Bishop Larry Maze of Arkansas and retired New Jersey Bishop Joe Morris Doss, now living in Louisiana, joined a diverse spectrum of clergy and religious leaders on Capitol Hill May 22 to speak against passage of the so-called “Federal Marriage Amendment” (FMA).
The bishops are part of “Clergy for Fairness,” a coalition of religious leaders working to oppose passage of an amendment to the U.S. Constitution that would define marriage. The Senate is scheduled to debate the measure during the week of June 5.
Maze and Doss participated in a news conference and lobby day in Washington to express their opposition to the amendment and to ask their senators in Washington to oppose the proposal. Their participation was part of a full day of activities and a national petition effort organized by the Clergy for Fairness coalition.
“Marriage is a theological matter of first importance for the church,” Doss said during a press conference in the Dirksen Senate office building. “It raises some of the most fundamental, complex, and vexing issues of theology… Such issues demand the church’s most careful and profound deliberation, and that is to take place in our parishes, councils, seminaries, publications, and places of theological reflection. It is to take place within national and international units of each denomination and in ecumenical dialogue.
“Congress, on the other hand, is not the proper forum for this sort of study, debate, and decision-making [on marriage]. The state is not to dictate doctrine to the church, or pre-empt a lively and extensive debate by precipitously deciding it for us. The church must determine the meaning and the parameters of marriage for itself… An amendment to define matters of theological controversy would set a terrible Constitutional precedent, and those in the church who think that such an action would be helpful to their theological position should take warning about what may come eventually.”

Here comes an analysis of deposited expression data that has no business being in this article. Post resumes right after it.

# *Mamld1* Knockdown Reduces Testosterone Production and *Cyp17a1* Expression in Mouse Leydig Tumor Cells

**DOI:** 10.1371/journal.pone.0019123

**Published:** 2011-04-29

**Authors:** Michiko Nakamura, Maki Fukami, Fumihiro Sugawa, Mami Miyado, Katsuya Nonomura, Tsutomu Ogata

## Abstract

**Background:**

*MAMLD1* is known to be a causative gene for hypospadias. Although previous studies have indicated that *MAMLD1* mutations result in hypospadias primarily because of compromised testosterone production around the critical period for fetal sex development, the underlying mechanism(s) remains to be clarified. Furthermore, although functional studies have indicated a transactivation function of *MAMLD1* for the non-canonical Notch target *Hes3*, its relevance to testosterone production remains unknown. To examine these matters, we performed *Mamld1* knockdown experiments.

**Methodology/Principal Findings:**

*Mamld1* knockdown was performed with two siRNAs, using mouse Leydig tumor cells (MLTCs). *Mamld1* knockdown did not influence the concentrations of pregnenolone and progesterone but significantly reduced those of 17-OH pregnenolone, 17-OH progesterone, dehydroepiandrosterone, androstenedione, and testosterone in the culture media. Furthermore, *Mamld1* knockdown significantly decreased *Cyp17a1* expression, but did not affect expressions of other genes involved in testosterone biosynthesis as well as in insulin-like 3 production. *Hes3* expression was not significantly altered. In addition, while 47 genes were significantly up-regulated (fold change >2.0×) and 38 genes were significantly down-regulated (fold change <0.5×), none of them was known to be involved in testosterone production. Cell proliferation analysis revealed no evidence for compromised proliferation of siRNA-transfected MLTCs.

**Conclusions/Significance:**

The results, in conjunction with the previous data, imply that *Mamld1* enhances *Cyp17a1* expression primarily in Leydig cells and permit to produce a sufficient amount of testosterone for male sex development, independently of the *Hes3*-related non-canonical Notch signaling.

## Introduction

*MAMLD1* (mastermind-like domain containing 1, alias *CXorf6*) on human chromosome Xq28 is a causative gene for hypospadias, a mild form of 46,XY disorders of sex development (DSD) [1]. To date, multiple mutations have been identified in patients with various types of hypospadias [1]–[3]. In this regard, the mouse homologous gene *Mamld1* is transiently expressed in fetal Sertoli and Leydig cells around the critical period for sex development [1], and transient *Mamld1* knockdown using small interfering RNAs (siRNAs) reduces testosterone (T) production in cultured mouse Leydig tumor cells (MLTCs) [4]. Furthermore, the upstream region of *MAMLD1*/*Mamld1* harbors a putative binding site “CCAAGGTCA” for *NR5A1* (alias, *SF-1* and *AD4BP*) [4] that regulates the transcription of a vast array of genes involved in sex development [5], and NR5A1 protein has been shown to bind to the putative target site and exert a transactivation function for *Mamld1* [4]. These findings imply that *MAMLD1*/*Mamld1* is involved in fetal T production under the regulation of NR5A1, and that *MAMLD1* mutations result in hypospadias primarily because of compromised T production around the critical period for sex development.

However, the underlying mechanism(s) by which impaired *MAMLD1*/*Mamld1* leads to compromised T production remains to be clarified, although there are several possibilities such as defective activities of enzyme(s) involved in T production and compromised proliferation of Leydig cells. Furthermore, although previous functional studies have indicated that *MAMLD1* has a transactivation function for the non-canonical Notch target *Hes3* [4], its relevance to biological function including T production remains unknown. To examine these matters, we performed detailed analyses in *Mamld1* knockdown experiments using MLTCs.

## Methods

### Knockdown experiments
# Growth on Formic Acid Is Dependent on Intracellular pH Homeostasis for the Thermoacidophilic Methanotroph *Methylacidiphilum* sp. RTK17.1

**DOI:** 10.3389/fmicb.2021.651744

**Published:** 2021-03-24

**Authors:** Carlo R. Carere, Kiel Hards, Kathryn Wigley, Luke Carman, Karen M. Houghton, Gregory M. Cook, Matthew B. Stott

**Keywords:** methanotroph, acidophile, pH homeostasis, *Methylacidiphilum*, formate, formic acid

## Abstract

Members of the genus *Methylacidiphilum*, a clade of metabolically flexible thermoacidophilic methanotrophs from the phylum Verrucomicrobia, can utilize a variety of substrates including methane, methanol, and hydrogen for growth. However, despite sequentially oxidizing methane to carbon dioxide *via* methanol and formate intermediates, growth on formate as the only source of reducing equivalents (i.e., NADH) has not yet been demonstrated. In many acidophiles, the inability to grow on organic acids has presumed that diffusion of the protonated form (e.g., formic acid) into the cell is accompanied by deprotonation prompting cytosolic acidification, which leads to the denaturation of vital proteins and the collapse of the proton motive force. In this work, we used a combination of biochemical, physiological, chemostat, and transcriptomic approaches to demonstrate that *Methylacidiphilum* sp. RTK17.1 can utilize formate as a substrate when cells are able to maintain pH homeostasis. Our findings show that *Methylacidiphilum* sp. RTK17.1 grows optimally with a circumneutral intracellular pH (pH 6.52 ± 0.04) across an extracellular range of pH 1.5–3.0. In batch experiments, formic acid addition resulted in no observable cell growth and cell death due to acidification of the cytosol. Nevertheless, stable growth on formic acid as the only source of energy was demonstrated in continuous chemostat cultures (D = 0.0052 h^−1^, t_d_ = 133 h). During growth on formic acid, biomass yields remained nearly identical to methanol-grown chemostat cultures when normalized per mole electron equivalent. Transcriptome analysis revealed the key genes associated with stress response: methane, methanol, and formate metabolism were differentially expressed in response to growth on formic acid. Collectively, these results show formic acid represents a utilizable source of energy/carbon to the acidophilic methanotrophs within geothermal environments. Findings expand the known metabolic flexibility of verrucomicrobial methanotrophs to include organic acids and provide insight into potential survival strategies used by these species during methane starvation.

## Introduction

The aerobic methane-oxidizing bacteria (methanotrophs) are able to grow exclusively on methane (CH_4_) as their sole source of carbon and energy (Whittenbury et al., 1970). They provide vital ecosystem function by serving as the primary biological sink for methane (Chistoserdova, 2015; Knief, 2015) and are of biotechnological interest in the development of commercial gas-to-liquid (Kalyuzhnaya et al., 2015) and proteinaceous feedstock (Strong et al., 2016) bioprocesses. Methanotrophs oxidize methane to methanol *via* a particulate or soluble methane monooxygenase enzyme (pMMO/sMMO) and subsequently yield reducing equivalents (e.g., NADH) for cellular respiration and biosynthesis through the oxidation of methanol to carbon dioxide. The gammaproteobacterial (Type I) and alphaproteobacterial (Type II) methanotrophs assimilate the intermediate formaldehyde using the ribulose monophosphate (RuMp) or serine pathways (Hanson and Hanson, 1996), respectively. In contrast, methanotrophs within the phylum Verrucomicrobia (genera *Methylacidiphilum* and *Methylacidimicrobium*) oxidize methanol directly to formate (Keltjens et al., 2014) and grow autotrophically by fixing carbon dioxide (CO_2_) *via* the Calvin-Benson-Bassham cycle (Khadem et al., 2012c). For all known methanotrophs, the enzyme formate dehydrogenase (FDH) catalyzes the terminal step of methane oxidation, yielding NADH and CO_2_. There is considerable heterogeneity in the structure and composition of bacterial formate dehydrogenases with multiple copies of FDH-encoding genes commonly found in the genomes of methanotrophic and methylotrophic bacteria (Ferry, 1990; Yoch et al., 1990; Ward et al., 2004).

More than 1,600 clergy from across the country have joined a national petition drive to urge senators to oppose the FMA, according to the coalition’s website http://www.clergyforfairness.org.
Their Open Letter to the U.S. Senate states in part, “We are concerned that the Marriage Protection Amendment would mark the first time in history that an amendment to the Constitution would restrict the civil rights of an entire group of Americans. Misusing our nation’s most cherished document for this purpose would tarnish our proud tradition of expanding citizens’ rights by Constitutional amendment, a tradition long supported by America’s faith communities. These concerns alone merit rejection of the Marriage Protection Amendment.”
Presiding Bishop Frank T. Griswold is already on record about the amendment. In a statement made two years ago, Griswold said, "I am concerned about the advisability of a constitutional amendment being put forth for discussion at this time. Questions of sexuality are far from settled, and a constitutional amendment which was perceived as settling this matter might make it more difficult to engage in civil discourse around this topic.” (http://www.episcopalchurch.org/3577_30106_ENG_HTM.htm)
According to a news release from Clergy for Fairness, “these faith leaders are united in the belief that religious liberty must be preserved and that discrimination should not be written into our Constitution. At a time when our country is facing critical issues, the U.S. Senate should not be focused on undercutting the separation of church and state and treating an entire group of Americans differently.
“They believe that people of faith and goodwill can and do disagree about what constitutes marriage, but that this amendment would endorse one religiously biased view over all others and impose it on all Americans by constitutional fiat.”
Proponents of the Federal Marriage Amendment (also known as the Federal Marriage Protection Act, S. J. 1) have introduced similar legislation in both houses of Congress in 2002, 2004 and at the beginning of the current session in 2005. Political analysts credit the timing of the debate and coinciding state ballot initiatives as part of an effort to influence electoral politics, as it did in the 2002 and 2004 election cycles.